The U.S. Securities and Exchange Commission (SEC) is banking on a previous order by Judge Analisa Torres, in its argument that SEC’s internal documents should not be relevant to the ongoing legal battle between itself and Ripple.
According to a letter filed to Magistrate Judge Sarah Netburn of the Southern District of New York by SEC on Monday, Judge Torres had previously ordered that;
The emails of former SEC Director William Hinman and the Estabrook notes are not required to be disclosed under the case.
Move To Not Disclose SEC’s Internal Documents Could Deal A Great Blow To XRP
Meanwhile, because of Judge Torres’ order, the SEC is now looking to get a better understanding of a January ruling by the Court. Back in January, the Court had ordered SEC to release drafts of former Director Hinman’s speech and related internal communications. Although at the time, the regulator had argued with its deliberative process privilege (DPP). The DPP is a special privilege that may not allow the SEC to release its internal documents because of its status as a government agency.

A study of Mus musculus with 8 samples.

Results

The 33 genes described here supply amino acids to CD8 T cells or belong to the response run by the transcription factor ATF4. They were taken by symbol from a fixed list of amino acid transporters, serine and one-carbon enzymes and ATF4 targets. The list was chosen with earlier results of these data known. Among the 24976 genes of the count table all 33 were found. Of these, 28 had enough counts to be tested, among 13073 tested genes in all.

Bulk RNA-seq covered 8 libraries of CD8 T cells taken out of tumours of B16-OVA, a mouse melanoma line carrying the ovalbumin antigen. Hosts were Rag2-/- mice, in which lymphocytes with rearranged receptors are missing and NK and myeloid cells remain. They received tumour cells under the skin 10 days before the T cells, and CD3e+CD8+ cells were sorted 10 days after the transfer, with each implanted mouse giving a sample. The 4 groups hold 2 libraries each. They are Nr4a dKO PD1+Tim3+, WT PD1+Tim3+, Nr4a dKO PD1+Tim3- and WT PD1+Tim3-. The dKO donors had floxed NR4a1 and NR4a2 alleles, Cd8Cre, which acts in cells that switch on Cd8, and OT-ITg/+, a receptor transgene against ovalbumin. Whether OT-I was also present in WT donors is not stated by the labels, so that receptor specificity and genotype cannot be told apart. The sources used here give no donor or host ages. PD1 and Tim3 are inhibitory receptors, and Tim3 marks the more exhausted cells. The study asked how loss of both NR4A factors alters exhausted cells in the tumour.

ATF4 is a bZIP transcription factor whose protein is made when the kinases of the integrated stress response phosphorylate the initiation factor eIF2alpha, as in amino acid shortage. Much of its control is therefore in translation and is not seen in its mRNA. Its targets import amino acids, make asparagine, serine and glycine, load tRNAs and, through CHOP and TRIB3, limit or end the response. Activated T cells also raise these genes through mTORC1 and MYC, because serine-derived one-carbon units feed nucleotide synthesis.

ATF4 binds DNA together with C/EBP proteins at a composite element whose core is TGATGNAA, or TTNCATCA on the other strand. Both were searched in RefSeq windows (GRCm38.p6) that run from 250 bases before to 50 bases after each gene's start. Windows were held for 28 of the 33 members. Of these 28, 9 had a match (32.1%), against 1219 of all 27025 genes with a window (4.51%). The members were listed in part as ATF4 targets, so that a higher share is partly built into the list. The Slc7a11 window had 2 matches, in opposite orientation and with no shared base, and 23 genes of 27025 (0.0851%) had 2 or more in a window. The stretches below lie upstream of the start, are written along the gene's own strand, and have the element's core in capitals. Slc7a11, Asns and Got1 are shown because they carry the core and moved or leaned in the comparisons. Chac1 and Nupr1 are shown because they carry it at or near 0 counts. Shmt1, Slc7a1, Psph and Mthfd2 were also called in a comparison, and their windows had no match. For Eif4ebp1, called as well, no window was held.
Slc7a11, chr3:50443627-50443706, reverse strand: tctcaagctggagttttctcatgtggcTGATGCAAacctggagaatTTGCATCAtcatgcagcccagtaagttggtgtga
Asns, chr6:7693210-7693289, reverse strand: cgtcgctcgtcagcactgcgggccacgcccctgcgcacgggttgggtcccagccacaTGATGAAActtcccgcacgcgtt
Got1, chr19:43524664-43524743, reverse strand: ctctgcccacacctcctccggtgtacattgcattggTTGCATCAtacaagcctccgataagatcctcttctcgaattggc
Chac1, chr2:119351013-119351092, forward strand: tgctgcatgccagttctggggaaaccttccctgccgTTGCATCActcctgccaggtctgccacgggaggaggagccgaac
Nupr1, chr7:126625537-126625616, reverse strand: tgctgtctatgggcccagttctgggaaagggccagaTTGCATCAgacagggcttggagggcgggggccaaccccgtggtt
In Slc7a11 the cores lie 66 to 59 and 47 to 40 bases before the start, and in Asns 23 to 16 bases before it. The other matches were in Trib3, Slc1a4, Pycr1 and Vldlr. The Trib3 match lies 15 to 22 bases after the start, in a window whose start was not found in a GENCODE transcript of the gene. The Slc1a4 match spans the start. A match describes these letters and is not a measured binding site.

However, if the Court admits Hinman’s speech, then this case may be as good as over in favor of Ripple. That speech is reportedly said to be about whether ether is a security or not. Also, the Estabrook document is said to contain minutes of a 2018 meeting between SEC’s ex-Commissioner Elad Roisman and Garlinghouse.
But Ripple has been seeking these documents to prove that its executives were always compliant with U.S. regulatory provisions.
Meanwhile, the Court has now ordered both parties to submit a joint letter by March 23, 2022. And according to the court, this is to allow both parties to meet and determine if there is any more discoveries.
Recall that on Friday, Judge Torres issued two rulings on motions already filed in the SEC Vs Ripple case.
Firstly, the judge upheld Ripple’s argument of not getting a fair notice from the SEC that it would consider XRP as a security. This was after the SEC tried to dismiss the argument.
Judge Torres also denied the motion filed by Ripple CEO Brad Garlinghouse and executive chairman Chris Larsen. They had moved to dismiss the case against them for the alleged unregistered securities sales but saw their motion denied.